Contactless/Mobile Tickets

Discussion in 'Buses & Coaches' started by AaronR, 11 Jan 2017.


    AaronR Member

     
    Last edited: 11 Jan 2017
  2. PeterC

    PeterC Member


    I agree that contactless shouldn't be a big deal but I don't know what the availaibility of suitable equipment is. TfL have managed it so the knowledge of how to set up the back office side is present in the industry.
     
  3. higthomas

    higthomas Member


    They do though have contactless on the Stagecoach buses here in Oxford, which has been useful. Unlike TFL one simply buys a ticket as normal but pays by card. No standard fare, daily capping etc.
     
    Last edited: 12 Jan 2017
  4. AaronR

    AaronR Member

     
  5. radamfi

    radamfi Established Member


    http://www.firstgroupplc.com/news-and-media/latest-news/2011/03-09-2011-ukbus.aspx

     
  6. Lrd

    Lrd Established Member Jobs & Careers Assistant


    There was a smart card but it was poorly set up and couldn't hold cash for PAYG.
     
  7. radamfi

    radamfi Established Member

     
  8. Lrd

    Lrd Established Member Jobs & Careers Assistant

     
  9. WelshBluebird

    WelshBluebird Established Member

    1. You still have to buy specific tickets. It isn't PAYG like Oyster / Contactless cards in London. I wonder if this is a technical limitation or if they specifically don't want to allow it because it means people will pay more (either buying a day ticket "just incase" even if they end up not needing it, or not realising they need a day ticket to start with but ending up paying more through multiple singles).
    2. Even if you accept the above limitation, currently you can't even buy individual single tickets. To me that is the biggest joke as in Bristol they have increased the single paper ticket cost now, but you can only take advantage of the cheaper mobile ticket cost if you buy in bulk.
     
  10. ethernet22

    ethernet22 Member

     
    Last edited: 12 Jan 2017
  11. Scotty

    Scotty Member


    They also charge for them to be given to you (£4.50), and journeys are still the same price.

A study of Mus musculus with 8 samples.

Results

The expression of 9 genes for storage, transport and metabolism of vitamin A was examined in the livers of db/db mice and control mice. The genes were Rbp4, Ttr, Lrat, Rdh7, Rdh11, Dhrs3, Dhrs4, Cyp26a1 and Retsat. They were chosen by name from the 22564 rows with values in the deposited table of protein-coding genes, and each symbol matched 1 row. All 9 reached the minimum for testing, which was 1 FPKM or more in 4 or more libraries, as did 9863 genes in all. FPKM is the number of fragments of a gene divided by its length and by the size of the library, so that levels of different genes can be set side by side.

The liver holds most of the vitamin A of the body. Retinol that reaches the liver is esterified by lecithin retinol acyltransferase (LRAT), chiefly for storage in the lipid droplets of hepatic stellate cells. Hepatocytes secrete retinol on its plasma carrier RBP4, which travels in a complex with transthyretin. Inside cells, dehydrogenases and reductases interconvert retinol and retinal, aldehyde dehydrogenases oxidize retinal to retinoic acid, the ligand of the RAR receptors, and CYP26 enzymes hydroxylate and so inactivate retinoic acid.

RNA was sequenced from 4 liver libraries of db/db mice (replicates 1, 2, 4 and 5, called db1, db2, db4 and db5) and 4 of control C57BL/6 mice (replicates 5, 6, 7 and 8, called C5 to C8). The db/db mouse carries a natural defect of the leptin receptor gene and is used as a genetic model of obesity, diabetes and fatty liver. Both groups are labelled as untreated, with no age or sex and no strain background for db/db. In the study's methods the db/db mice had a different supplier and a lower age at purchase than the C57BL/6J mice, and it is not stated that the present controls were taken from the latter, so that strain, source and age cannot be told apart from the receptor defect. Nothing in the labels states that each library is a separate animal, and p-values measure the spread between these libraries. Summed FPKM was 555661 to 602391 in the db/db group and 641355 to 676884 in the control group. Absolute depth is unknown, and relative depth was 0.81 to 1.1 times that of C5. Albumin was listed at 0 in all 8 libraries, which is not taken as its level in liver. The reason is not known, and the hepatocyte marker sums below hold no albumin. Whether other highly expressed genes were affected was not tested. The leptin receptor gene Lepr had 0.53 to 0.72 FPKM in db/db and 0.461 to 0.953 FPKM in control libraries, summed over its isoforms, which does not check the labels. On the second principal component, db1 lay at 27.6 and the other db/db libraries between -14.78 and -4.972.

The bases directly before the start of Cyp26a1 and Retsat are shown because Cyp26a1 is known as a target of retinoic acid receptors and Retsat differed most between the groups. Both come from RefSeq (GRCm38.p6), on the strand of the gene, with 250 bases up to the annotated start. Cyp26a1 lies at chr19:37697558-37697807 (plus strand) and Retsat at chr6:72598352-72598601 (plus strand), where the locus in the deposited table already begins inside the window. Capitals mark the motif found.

If they provided a discount on the journey price (50p off my £6.50 return?), and it was easy to top up (at the moment it's PayPal via their website or giving money to the bus driver) such as auto-top up via bank account, I'd use it. I do carry one around with me (I got one free to 'test') just in case I only have a £20 note on me, and I can load it up and use it for 3 days.
     
  12. johntea

    johntea Member


    http://662pay.becotix.co.uk/

    (Android only though for the trial)
     
  13. Stan Drews

    Stan Drews Member

    When you use contactless to pay for something in a shop the terminal has a reliable direct connection with the banks systems that effectively authorises the transaction/payment.
    On a bus this isn't possible, so the challenge has been finding an acceptable way around that issue with the banks etc.
    It can be done, as the various trials around the country are showing, however it isn't just as simple as the smart-card transactions which take place with the ticket machine.
     
  14. radamfi

    radamfi Established Member


    When you use a contactless card on a London bus, the card details are transmitted over the mobile phone network to the processing system within a few minutes, but that doesn't trigger a payment straight away.
     
  15. GaryMcEwan

    GaryMcEwan Member

     
  16. radamfi

    radamfi Established Member

     
  17. GaryMcEwan

    GaryMcEwan Member

     
  18. Stan Drews

    Stan Drews Member

     
  19. Hophead

    Hophead Member

    • the passenger does not have to fumble around looking for change, which speeds up the transaction
    • the driver is less likely to run out of change (or decide to hand it all back in 5p coins)
    • a reduced risk of robbery as there's just less cash on the bus
    • quicker and, hopefully, more accurate cashing-up for the driver at the end of the shift
    • possibly(?) the occasional passenger is more inclined to tap the card and travel than exclaim "how much?" and storm off

    Probably others as well. You'd think the operators ought to be keen, wouldn't you?
     
    Last edited: 12 Jan 2017
  20. radamfi

    radamfi Established Member

    --- old post above --- --- new post below ---
    OK, but still slower than a proper contactless/smartcard implementation.